Boing Boing recently pointed to a video that explains the neurology and experience of synesthesia, the condition where some people’s sensory perception crosses wires, where numbers and letters have colors, flavors have shapes, words have tastes.

At UX Week a couple weeks ago, we had a day devoted to perception, keynoted by Dr. Temple Grandin. Before she spoke, I showed a very strange short film I had found online, also called “Synesthesia.” It’s not really worth describing in detail — it’s a four minute art piece that tries to capture the synesthetic reality in a highly impressionistic fashion, photographed beautifully.

I’m surprised that the film hasn’t gotten more traction online — it strikes me as the kind of thing that folks would love. And good for Sunday web viewing!

Awesome. And congrats!

Over 8 years ago I blogged about LineDrive, a mapping technology that attempted to simulate the types of maps humans draw. I was even emailed by it’s creator, Maneesh Agrawala.

This morning, as I read the SF Gate, I found out that Maneesh just won a MacArthur fellowship! I hadn’t kept up with him, but he’s now teaching at UC Berkeley, and continues to endeavor to understand how people process visual information, including maps. Lots and lots of maps. I’m probably fooling myself if I think I’ll find the time to look over what he’s done the past few years, but it sure seems worthwhile!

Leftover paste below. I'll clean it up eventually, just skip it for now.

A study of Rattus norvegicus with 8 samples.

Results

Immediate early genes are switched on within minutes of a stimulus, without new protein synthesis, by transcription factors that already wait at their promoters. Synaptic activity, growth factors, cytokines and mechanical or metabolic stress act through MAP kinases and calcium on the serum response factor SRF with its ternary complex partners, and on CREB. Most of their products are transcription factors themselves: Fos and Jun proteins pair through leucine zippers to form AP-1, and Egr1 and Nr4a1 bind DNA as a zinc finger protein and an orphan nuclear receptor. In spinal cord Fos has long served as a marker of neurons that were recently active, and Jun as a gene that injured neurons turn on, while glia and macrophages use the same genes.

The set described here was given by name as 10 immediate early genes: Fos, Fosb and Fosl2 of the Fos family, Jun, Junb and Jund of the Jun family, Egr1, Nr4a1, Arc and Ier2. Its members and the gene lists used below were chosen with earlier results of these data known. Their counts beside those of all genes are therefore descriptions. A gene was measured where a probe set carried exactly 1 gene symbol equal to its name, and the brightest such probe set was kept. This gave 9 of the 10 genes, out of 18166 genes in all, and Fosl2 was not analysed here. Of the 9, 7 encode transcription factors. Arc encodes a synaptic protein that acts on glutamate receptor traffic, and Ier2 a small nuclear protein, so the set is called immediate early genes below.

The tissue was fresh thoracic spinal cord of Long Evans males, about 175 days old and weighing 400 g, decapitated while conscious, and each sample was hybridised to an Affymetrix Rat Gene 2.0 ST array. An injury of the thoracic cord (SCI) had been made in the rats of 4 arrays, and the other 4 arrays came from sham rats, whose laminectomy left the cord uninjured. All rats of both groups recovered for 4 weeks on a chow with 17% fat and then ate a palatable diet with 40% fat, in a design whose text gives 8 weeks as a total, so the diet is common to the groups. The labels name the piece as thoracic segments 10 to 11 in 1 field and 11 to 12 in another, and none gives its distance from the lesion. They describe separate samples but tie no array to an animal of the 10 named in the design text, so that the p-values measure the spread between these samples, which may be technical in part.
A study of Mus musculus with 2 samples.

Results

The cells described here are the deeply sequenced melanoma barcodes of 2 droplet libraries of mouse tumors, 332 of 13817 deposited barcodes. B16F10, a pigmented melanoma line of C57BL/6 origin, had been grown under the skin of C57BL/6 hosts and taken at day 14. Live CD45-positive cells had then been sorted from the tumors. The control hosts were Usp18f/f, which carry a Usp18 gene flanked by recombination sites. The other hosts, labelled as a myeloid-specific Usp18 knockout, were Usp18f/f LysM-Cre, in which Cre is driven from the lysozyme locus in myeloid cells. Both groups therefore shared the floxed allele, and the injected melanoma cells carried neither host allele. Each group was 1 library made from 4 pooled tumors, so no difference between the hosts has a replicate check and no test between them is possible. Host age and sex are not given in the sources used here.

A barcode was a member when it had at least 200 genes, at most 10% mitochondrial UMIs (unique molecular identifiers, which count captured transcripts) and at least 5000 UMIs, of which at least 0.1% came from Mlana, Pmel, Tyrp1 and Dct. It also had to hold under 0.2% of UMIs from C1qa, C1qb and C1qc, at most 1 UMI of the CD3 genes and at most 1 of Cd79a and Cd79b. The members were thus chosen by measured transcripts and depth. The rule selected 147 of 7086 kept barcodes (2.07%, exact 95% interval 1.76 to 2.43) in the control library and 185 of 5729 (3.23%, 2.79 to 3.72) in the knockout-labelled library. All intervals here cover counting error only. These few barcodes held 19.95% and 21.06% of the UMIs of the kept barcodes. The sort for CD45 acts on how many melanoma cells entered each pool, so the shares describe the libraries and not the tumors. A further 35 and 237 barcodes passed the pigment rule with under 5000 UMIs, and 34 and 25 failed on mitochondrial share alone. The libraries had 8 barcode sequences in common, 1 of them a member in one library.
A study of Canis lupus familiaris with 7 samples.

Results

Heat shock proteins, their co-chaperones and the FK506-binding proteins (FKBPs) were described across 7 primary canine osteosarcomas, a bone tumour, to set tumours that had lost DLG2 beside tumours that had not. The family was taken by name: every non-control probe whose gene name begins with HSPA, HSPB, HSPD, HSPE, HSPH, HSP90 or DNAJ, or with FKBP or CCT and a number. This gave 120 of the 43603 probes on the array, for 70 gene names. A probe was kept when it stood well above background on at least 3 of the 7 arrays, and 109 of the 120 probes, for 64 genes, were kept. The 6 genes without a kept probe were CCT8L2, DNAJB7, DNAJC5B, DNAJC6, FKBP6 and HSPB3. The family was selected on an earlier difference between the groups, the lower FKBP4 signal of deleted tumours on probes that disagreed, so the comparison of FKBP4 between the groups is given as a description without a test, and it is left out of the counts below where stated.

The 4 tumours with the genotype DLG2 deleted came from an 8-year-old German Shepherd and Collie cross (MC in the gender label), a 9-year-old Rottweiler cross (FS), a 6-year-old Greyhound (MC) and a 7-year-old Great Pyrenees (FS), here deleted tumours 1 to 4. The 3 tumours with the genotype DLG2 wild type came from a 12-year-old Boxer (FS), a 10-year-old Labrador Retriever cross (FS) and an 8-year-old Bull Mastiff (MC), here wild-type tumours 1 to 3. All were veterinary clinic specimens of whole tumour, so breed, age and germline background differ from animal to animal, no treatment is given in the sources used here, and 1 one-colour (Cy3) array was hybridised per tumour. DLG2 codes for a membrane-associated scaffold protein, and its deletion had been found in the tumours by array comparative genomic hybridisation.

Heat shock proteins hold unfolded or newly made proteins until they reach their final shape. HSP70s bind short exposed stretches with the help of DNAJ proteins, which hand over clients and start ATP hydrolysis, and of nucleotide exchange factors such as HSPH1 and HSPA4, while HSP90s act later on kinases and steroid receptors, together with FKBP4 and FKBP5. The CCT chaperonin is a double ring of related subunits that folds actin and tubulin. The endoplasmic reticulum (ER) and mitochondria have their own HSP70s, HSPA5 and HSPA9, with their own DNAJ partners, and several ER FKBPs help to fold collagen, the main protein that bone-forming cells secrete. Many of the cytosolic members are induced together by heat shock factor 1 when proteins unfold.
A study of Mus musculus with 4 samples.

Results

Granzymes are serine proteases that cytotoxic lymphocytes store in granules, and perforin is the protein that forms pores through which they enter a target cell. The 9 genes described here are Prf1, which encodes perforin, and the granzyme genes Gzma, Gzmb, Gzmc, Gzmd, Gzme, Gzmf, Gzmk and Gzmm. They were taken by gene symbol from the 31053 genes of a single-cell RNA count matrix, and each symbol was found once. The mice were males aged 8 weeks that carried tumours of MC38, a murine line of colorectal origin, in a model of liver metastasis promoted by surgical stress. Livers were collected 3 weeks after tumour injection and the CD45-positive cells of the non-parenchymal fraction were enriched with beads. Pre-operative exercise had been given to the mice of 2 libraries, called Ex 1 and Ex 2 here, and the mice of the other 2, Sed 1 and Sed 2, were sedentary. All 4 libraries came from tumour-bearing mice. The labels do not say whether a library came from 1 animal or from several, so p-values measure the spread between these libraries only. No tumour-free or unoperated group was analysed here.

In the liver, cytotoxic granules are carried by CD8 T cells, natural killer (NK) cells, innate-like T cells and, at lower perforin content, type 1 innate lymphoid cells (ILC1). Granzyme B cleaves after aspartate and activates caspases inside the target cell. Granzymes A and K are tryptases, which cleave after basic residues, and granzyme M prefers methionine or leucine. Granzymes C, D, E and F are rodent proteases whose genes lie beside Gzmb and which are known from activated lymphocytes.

Today’s “On Language” column in The New York Times addresses the rise of the prefix “un” in the time of increased computer use and social networking.

A word unmentioned in the article, but which I’m growing to love, is “unsee“. It’s a strange word, because, as the phrase goes, once you’ve seen something, you can’t unsee it (I think I was introduced to this unfortunate reality when someone showed me tubgirl. Which I will not link to. As I don’t want you to see it, much less vainly try to unsee it.)

A different use of “unsee” comes in China Mieville’s latest novel The City and The City, set in a geography where two cities literally overlap and integrate in space, and residents of one are raised from birth to “unsee” what goes on in the other. It’s a concept that appears bizarre at first, until you realize, as a city-dweller, just how much you unsee of what’s around you (homelessness, squalor, nefarious activity).

I’m trying to figure out what Facebook is thinking…

This New York Times article discusses how Facebook is doing more and more to come across as Twitter-like.

Which strikes me as absurd. Facebook and Twitter serve some pretty distinct needs. Any move toward “Twitter-like” will detract from Facebook’s core offerings, and is thus likely to piss off the literally hundreds of millions of people who already use it. And I’m sure there’s heaps more to do with that core offering–focusing on really blowing out that “social graph” experience must have tons of opportunity. Why distract itself with a wholly orthogonal communication model?